Russia launched a major missile attack against Ukraine on 9 March 2023 on a scale rarely seen previously. Most notably the attack included the use of six Kh-47M2 Kinzhal air-launched ballistic missiles: almost certainly the highest number of Kinzhals Russia has used against Ukraine in any such barrage.
“During the day of March 9 the enemy launched a total of 84 missiles of various types,” the Ukrainian government posted on its website that evening. “Thirty-four missiles were destroyed by Ukrainian defenders, another eight did not hit their targets. The enemy also launched 12 air strikes, in particular employing eight Shahed-136 [unmanned aerial vehicles]. Half of them were shot down.
“The level of missile threat across Ukraine remains high.”
Ukrainian Air Force (Povitryani Syly Ukrayiny – PSU) spokesman Yurii Ihnat was quoted as saying on Ukrainian TV on 9 March, “The attack is really large scale and for the first time using such different types of missiles. We see that this time as many as six Kinzhals were used. This is an attack like I don’t remember seeing before.”
The Russian attack clearly targeted Ukraine’s utilities infrastructure, leaving half a million people without power in the city of Kharkiv alone. Ukrainian President Volodymyr Zelensky stated on the Ukrainian Ministry of Defence website on 9 March, “Kharkiv and the Zhytomyr region have the most difficult situation. Odesa, the Dnipropetrovsk region, Kyiv and Zaporizhzhia are also facing difficulties.”
The attack also led to a loss of power at the Zaporizhzhia nuclear power plant, forcing it to rely on diesel generators for the electricity needed to cool radioactive material for the sixth time since the Ukraine conflict began. The power plant, which is under Russian control but manned mostly by Ukrainians, is the source of much concern from the International Atomic Energy Agency, which fears a disaster at what is the largest nuclear power station in Europe.
Moscow’s claimed reason for its latest large-scale missile attack on Ukraine was retaliation for “terrorist actions” conducted across Russia’s border into the Bryansk region on 2 March: an incursion made by a pro-Ukrainian Russian nationalist militia called the Russian Volunteer Corps.
However, the wider strategy of such missile barrages is unclear. The targeting of Ukraine’s civilian infrastructure, while it heaps further misery and casualties on the Ukrainian people, serves little military purpose and mostly likely galvanises public support for Zelensky’s goal of a complete ousting of Russian forces from all Ukrainian territory. The Ukrainians have also become quite adept at repairing the damage: US broadcaster VOA quoted Serhii Popko, head of Kyiv’s military administration, as saying that power and water had been restored in the city on 10 March while 30% of residents remained without heating. Electricity was 90% restored in Ukraine’s northeastern Kharkiv region, VOA reported local officials as saying, while power was also restored to a third of consumers in Ukraine’s southern Zaporizhzhia region.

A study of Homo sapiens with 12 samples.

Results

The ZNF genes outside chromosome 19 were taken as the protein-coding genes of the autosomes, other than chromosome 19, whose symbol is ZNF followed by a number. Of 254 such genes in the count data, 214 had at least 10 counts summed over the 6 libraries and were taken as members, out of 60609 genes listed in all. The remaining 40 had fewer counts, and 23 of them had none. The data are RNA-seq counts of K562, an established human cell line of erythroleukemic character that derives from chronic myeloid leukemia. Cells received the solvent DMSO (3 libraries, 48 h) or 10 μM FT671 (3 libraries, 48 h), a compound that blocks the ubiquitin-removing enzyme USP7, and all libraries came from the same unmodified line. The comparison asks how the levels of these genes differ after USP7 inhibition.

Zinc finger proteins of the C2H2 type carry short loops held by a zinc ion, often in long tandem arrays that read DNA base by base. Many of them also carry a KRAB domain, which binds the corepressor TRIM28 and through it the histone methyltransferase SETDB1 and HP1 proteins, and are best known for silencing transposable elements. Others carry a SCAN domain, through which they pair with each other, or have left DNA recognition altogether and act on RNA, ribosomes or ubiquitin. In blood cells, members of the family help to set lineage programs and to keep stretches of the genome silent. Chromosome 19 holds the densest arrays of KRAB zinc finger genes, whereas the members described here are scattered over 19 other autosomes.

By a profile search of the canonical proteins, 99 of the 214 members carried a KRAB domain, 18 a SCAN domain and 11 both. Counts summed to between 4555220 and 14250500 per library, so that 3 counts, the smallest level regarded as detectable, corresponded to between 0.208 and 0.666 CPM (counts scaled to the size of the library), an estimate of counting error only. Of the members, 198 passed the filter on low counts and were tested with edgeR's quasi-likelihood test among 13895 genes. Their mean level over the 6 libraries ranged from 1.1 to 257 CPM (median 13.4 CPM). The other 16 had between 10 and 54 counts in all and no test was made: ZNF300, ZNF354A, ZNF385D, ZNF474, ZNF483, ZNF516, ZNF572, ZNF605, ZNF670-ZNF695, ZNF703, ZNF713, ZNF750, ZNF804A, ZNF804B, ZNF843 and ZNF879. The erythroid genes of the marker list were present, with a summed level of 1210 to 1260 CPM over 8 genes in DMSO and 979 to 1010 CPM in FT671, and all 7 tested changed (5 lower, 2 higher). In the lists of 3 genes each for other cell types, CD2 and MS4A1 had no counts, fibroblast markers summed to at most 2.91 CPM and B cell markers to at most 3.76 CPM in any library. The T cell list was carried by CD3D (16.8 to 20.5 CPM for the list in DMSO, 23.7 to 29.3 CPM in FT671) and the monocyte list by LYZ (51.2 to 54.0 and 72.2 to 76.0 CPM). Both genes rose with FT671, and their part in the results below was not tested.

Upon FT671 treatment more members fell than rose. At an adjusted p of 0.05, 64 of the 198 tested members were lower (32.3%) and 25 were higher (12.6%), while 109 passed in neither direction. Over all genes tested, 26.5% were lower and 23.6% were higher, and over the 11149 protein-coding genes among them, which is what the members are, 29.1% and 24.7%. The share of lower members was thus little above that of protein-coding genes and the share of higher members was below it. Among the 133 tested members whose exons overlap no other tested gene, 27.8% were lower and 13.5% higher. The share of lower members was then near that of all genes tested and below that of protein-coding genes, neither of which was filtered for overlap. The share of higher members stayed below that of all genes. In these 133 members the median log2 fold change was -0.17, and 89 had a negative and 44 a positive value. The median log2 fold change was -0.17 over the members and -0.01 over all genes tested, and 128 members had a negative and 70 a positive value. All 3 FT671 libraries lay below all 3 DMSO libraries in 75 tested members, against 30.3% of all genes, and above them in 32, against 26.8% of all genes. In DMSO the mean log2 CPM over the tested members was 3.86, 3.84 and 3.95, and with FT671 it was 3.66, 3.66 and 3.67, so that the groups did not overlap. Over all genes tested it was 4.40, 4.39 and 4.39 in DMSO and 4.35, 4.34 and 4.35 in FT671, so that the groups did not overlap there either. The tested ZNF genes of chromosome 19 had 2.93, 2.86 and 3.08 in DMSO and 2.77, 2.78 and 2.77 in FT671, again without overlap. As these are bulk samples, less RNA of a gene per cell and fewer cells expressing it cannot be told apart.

Asked to comment on Moscow’s aims with such attacks, Professor Mark Galeotti, Honorary Professor at the UCL School of Slavonic & East European Studies in London and a specialist in Russian military politics, told ESD, “I think the overall strategy is political: trying to demonstrate to both Kyiv and the West that Russia is still very much in the game.”
Galeotti characterised the overall situation in Ukraine as “in many ways a game of geopolitical chicken in which both Moscow and the West are trying to project a greater willingness and ability to outlast the other”.
One possible reason for Russia to employ Kinzhal ballistic missiles is that their hypersonic speed can defeat Ukraine’s air defences. PSU spokesman Ihnat, referring to the Kinzhals as well as Russia’s use of Kh-22 air-launched cruise missiles (ostensibly anti-ship weapons), conceded that, “So far, we have no capabilities to counter these weapons.”
Use of the Kh-47M2 could also be seen as a form of intimidation in relation to Ukraine’s Western allies, as it is viewed by Moscow as one of Russia’s latest prestige weapon systems.
Galeotti, meanwhile, offered another possible reason for Russia to have expended some of its Kh-47M2s. “I think the use of the Kinzhal,” he suggested, “may also have been intended to counter claims that Russia was running low on its more sophisticated and precision weapons: ‘See? We’ve so many we could burn six in one night’s bombardment!’”
A 10 March update on the Ukraine conflict by the UK Defence Intelligence (DI) organisation noted that the intervals between major Russian missile strikes on Ukraine are growing. This, DI suggested, is “probably … because Russia now needs to stockpile a critical mass of newly produced missiles directly from industry before it can resource a strike big enough to credibly overwhelm Ukrainian air defences”.
A year’s-worth of the Russian offensive in Ukraine, along with Russian air operations over Syria from 2015 to 2018 in support of the Assad regime, have clearly demonstrated that Russia’s precision strike capabilities are – apart from a small number of systems like the Kinzhal – considerably lacking. Indeed, there is an argument to be made that Russia is targeting Ukrainian infrastructure precisely because it is unable to effectively prosecute attacks against military targets.
Ukraine’s forces, on the other hand, are increasingly armed with sophisticated and highly accurate Western weaponry. This creates an overmatch in capability that, combined with the Ukrainian military’s significantly higher motivation, could help the Ukrainian operate more offensively and take back territory while Russian missiles continue to pound Ukrainian cities to cause further suffering but no military advantage.